Braydon Preuss was considered so ready for regular AFL football that coach Brad Scott fielded weekly questions about how he could fit both Preuss and Todd Goldstein in the same side.

Preuss, who turns 23 in June, ended up playing the first four games of last year in the AFL and then the final four – and there was some rival club interest in the trade period.

The rugby league convert stayed at Arden St, but is wallowing in the VFL and not forming a strong case for promotion despite Goldstein's performances plumbing nine-year depths.

Goldstein, the game's premier big man in 2015, revealed on season eve he contemplated quitting last year, but rid of his debilitating personal issues he was ready to return to his brilliant best.

He showed signs of a resurgence in his return to the senior side in the final rounds of 2017 after a fortnight back in state league ranks.

But Goldstein has instead gone backwards, highlighted by a caning from Melbourne's Max Gawn, the man who succeeded the Kangaroo as the All Australian ruckman in 2016.

That Gawn whipping resulted in Scott having "upfront discussions" on what Goldstein needed to work on.

Goldy's 2018 by the numbers




Rating points











Hit-out-to-adv rate







A former ruckman, who spoke to on the condition of anonymity, said Goldstein needed to consider new ways to challenge himself.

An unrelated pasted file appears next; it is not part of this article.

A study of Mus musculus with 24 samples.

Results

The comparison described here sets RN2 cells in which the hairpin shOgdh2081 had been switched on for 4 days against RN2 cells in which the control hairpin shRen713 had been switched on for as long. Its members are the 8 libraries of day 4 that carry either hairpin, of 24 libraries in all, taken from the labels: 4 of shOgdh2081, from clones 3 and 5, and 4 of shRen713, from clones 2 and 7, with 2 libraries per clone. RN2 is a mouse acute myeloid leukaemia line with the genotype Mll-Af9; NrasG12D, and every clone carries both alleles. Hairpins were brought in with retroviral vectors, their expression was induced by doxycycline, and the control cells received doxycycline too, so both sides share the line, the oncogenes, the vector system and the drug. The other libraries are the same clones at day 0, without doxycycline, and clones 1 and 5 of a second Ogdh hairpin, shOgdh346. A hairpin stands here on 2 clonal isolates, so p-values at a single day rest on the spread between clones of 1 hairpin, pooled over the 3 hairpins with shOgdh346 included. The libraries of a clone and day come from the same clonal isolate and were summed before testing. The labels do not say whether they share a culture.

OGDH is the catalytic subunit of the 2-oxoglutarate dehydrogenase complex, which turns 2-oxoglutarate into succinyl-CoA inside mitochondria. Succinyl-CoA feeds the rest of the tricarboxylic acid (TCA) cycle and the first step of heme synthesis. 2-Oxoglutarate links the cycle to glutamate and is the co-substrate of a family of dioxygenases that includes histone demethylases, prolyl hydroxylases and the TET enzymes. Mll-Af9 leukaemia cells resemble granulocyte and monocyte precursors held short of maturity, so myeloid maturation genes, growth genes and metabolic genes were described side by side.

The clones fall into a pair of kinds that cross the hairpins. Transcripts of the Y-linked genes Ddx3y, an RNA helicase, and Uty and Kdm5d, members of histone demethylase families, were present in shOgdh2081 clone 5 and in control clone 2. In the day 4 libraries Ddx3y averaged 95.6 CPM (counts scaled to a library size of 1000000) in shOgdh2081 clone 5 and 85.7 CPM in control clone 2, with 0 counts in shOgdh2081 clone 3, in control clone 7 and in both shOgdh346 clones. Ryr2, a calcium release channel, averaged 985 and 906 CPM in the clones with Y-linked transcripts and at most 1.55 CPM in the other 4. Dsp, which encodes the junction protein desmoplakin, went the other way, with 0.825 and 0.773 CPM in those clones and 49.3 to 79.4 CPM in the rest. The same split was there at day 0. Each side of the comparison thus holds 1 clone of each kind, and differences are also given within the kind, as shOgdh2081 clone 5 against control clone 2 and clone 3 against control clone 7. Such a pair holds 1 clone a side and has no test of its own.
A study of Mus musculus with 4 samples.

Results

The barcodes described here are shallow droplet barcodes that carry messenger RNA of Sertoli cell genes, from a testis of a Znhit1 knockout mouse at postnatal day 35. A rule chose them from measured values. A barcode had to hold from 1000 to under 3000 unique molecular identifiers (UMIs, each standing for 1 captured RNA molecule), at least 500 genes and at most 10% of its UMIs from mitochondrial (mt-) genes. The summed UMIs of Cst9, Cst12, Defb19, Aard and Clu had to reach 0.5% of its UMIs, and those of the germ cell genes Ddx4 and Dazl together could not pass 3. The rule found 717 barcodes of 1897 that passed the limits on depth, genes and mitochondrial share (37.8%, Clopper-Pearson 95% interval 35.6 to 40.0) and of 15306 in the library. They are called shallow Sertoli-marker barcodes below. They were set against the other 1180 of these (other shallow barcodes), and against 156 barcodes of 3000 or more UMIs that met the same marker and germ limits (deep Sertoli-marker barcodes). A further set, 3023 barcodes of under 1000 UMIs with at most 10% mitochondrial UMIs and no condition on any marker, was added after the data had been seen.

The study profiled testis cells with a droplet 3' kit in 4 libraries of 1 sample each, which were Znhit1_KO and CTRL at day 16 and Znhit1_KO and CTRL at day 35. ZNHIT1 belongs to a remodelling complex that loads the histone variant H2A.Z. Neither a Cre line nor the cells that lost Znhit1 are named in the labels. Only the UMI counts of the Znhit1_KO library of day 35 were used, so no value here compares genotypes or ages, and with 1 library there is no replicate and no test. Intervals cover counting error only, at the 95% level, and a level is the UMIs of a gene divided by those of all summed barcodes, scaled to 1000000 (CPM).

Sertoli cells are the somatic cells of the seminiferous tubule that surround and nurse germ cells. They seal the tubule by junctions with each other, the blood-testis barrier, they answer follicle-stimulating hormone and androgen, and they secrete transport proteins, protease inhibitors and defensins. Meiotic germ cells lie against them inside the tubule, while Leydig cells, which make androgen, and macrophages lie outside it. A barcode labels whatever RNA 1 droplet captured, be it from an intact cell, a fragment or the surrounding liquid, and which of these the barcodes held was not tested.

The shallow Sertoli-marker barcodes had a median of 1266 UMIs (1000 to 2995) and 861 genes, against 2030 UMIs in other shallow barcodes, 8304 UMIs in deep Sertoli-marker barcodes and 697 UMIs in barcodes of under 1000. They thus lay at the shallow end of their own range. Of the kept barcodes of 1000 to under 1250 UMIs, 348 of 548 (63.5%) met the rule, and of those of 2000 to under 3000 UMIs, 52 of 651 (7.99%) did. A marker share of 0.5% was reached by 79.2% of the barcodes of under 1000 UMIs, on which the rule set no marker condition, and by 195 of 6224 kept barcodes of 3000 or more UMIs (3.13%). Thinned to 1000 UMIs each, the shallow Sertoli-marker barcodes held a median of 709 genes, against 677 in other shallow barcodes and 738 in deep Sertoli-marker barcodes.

His suggestion was for the North star to "chase" a great ruckman's feats as his benchmark rather than focus on returning to his old heights.

"For mine, he's plateaued because he's reached that All Australian status, and you go, 'OK, what else are you chasing, where is the new challenge?'," the source said.


"This is definitely not a slight on Goldy not being motivated, because that's far from the truth. We're talking about a guy who worked his arse off to get where he did.

"Goldy's come from so far back when he first started that he got sent away from training, but he's got everything at his disposal – it's just a matter of going, 'How can I readjust the way I'm thinking about my footy?'"

He also told that he saw none of Goldstein's trademark "high-end bursts" in his ground coverage in Sunday's loss to Richmond.

"I don't know whether the outside pressures are affecting him, but how does he get back to playing with freedom, hunting the footy and utilising his best strengths, which are his fitness and ability to move around the ground?"

The same source defended Preuss' drop-off, saying it would be difficult to remain motivated playing in "far-flung places" without knowing when your next AFL opportunity would come.

Another option for the Kangaroos is to redeploy Majak Daw as a ruckman, although they are experimenting with turning him into a defender.

First-year big man Tristan Xerri has impressed in the VFL and amassed 15 disposals, eight marks, three tackles, 11 hit-outs and three goals backing up Preuss at the weekend.

Plenty is going right for North this year, but the ruck division – new part-time coach Will Minson's domain – remains a riddle yet to be solved.